One-third of the 131 dot-coms that have folded this year have done so in the past seven weeks, according to a study issued Thursday by Webmergers, a San Francisco, California-based mergers and acquisitions tracking company.
The firm, which drew its research from more than 50 information sources, also found that a pervasive factor in the demise of dot-coms was that they simply could not win their races against time.
Quite a Cycle
During the first two weeks of November there were 21 closures, to go with 22 in what was, at least temporarily, a record month of October. Notably,dot-com casualties in November include names that would have seemed to have their markets cornered: Pets.com, Garden.com and Furniture.com.
The accelerated closure rate is “a natural cycle that’s occurred in every technology revolution,” Webmergers president Tim Miller said in a published report. “Only now, the highs are higher and the lows are lower. It’s a marketplace on speed.”
However, Miller predicted that “by the middle of next year, we’ll see signs of profits for Internet companies.”
Webmergers said that in the past three months, 59 Internet companies have shuttered their virtual doors, compared to 45 in the previous three months and 17 in the three months before that.
Most of the dot-com casualties, a total of 99, served a primarily consumer audience, according to Webmergers. There were 26 business-to-business companies on the list and six that served a general audience of business and consumers.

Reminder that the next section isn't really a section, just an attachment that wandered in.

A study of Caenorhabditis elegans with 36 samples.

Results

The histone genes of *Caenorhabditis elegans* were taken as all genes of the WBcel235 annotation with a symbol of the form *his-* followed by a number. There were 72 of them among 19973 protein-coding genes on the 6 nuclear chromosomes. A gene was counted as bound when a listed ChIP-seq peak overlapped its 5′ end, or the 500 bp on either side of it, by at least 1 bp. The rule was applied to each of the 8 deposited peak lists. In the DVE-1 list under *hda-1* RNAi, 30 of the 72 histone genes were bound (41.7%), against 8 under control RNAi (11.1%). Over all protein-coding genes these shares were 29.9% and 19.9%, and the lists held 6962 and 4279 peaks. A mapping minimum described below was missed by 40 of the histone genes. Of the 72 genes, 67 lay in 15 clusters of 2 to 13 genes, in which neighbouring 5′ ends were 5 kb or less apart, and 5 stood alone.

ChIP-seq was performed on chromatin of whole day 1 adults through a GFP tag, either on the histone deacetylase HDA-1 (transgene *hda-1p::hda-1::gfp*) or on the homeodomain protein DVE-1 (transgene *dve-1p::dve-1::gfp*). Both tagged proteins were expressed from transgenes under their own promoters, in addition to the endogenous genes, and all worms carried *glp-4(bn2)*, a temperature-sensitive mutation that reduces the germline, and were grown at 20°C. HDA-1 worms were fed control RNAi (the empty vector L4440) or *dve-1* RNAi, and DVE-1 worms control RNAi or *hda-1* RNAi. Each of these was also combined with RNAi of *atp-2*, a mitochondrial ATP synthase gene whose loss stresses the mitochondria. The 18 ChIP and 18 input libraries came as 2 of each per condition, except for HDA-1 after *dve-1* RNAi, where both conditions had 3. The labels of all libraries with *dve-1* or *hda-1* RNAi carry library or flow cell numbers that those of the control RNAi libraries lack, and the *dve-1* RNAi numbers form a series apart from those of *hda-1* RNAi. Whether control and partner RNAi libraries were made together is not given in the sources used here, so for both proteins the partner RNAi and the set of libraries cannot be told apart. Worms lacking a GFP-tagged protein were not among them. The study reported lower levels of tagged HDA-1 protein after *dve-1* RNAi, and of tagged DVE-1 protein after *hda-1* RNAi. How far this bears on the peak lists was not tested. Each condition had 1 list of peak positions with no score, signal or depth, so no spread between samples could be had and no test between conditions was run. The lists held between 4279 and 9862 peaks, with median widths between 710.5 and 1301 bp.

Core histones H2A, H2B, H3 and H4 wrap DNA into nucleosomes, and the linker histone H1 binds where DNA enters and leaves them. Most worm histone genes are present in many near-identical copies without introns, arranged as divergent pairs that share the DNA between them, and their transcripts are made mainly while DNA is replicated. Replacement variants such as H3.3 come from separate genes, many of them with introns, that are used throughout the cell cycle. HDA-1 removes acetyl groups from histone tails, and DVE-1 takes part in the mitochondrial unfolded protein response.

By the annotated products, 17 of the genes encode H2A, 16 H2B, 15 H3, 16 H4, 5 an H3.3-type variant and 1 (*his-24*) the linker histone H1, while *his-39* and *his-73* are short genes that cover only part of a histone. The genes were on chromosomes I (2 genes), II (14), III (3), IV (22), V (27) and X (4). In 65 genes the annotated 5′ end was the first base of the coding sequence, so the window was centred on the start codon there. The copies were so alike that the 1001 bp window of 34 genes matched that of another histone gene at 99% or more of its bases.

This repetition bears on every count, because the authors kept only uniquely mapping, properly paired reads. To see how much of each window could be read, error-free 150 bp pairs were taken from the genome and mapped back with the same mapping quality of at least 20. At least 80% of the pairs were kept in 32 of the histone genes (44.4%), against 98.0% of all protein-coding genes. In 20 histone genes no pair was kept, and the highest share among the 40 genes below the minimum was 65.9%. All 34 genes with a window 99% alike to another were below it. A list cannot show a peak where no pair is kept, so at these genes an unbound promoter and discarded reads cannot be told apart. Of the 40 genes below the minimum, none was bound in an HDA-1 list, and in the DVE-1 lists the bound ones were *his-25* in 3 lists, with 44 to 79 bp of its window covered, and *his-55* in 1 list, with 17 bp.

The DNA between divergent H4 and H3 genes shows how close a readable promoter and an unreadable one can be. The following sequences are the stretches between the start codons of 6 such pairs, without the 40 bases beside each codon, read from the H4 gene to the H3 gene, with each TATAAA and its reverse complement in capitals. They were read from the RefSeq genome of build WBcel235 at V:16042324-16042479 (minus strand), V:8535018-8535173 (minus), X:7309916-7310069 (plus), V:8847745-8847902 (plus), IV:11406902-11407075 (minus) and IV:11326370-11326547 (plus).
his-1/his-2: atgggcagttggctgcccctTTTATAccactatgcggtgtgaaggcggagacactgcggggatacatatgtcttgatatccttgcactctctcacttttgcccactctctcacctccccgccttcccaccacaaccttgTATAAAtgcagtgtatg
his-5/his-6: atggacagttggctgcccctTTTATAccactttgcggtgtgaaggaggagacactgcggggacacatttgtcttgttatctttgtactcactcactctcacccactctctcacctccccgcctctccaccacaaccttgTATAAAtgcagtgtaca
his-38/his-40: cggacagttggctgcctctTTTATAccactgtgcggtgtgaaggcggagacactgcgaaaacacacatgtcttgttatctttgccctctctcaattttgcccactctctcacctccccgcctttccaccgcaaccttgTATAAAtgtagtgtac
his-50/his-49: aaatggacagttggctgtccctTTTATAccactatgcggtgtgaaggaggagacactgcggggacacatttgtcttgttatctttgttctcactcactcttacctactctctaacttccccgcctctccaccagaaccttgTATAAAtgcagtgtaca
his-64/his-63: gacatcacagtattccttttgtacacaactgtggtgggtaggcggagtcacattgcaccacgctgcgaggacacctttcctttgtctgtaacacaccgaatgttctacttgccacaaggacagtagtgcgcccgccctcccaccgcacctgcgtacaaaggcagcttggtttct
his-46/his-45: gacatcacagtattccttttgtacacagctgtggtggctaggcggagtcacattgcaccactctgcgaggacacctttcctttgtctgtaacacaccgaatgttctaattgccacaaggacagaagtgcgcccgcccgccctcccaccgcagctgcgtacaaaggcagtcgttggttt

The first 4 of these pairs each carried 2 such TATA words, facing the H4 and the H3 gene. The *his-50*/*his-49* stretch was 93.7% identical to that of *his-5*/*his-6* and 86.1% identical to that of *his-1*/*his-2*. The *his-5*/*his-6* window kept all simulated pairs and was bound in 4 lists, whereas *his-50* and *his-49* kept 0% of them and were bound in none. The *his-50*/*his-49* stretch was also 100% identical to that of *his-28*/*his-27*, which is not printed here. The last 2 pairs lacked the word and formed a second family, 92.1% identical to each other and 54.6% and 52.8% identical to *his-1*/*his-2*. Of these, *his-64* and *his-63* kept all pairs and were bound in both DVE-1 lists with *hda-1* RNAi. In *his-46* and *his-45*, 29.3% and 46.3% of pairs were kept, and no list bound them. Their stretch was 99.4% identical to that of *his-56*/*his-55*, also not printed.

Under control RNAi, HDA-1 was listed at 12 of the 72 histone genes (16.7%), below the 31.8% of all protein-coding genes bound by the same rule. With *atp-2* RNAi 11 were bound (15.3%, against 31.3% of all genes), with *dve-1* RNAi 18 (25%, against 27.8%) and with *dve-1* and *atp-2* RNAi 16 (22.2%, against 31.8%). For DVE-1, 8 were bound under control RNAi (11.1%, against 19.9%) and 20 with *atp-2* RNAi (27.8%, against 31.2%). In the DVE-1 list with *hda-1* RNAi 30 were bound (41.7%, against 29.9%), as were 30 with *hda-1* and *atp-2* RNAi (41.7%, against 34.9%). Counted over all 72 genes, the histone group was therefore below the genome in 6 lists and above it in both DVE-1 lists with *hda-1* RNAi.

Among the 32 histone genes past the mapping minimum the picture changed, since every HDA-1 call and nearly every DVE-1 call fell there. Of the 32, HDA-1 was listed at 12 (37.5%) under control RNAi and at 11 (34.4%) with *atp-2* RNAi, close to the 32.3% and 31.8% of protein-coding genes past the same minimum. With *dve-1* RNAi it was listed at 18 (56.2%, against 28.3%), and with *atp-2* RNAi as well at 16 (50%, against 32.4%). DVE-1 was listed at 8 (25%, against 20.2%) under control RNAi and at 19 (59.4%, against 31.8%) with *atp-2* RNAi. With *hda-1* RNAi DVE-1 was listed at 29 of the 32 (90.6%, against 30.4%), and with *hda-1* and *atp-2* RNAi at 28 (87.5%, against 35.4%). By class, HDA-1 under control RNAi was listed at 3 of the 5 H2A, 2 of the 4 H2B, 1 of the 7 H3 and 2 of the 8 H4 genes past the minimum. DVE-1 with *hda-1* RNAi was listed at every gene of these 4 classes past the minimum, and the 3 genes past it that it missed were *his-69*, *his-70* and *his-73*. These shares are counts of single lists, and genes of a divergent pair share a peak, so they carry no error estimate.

E-commerce firms, many of which were unprepared to face a “grueling holiday buying season,” according to Webmergers, accounted for 57 percent of the closures. Content firms accounted for 24 percent, 10 percent were Web services companies and 9 percent were in Internet infrastructure.
Lay of the Land
High-tech haven California has suffered most of the closures for the year with 35 percent. Webmergers said that 11 percent of the shuttered companies so far were based in New York and 8 percent hailed from Europe.
Dot-com shutdowns have cost approximately 8,000 employees their jobs, according to Webmergers.
Despite the seemingly high number of dot-closures, only a small percentage of the dot-coms in operation have shut down, according to Miller, who estimated that close to 10,000 Internet firms remain in existence.
The Case For Mergers
As part of its research, Webmergers surveyed mergers and acquisitions experts to analyze why so many companies have “shut down without finding merger partners, even at fire-sale prices.”
Webmergers found that many of the companies ran out of time waiting for second- or third-round venture capital funding to arrive. In many cases, that funding was never going to come, as some VC firms decided that it was simpler to close a dot-com rather than try to convince other buyers to come to the rescue.
Brick-and-mortar companies were of little help, according to Webmergers, which quoted one analyst as saying that “it might be just more fun for bricks-and-mortar companies to watch these dot coms die.” As time passed, many dot-coms bled money and lost whatever attractiveness they might have had.
In addition, as a greater number of capable workers entered the high-tech talent pool, the motivation to buy companies merely for their employee rosters diminished. Finally, some dot-coms never had worthwhile assets or business models to begin with.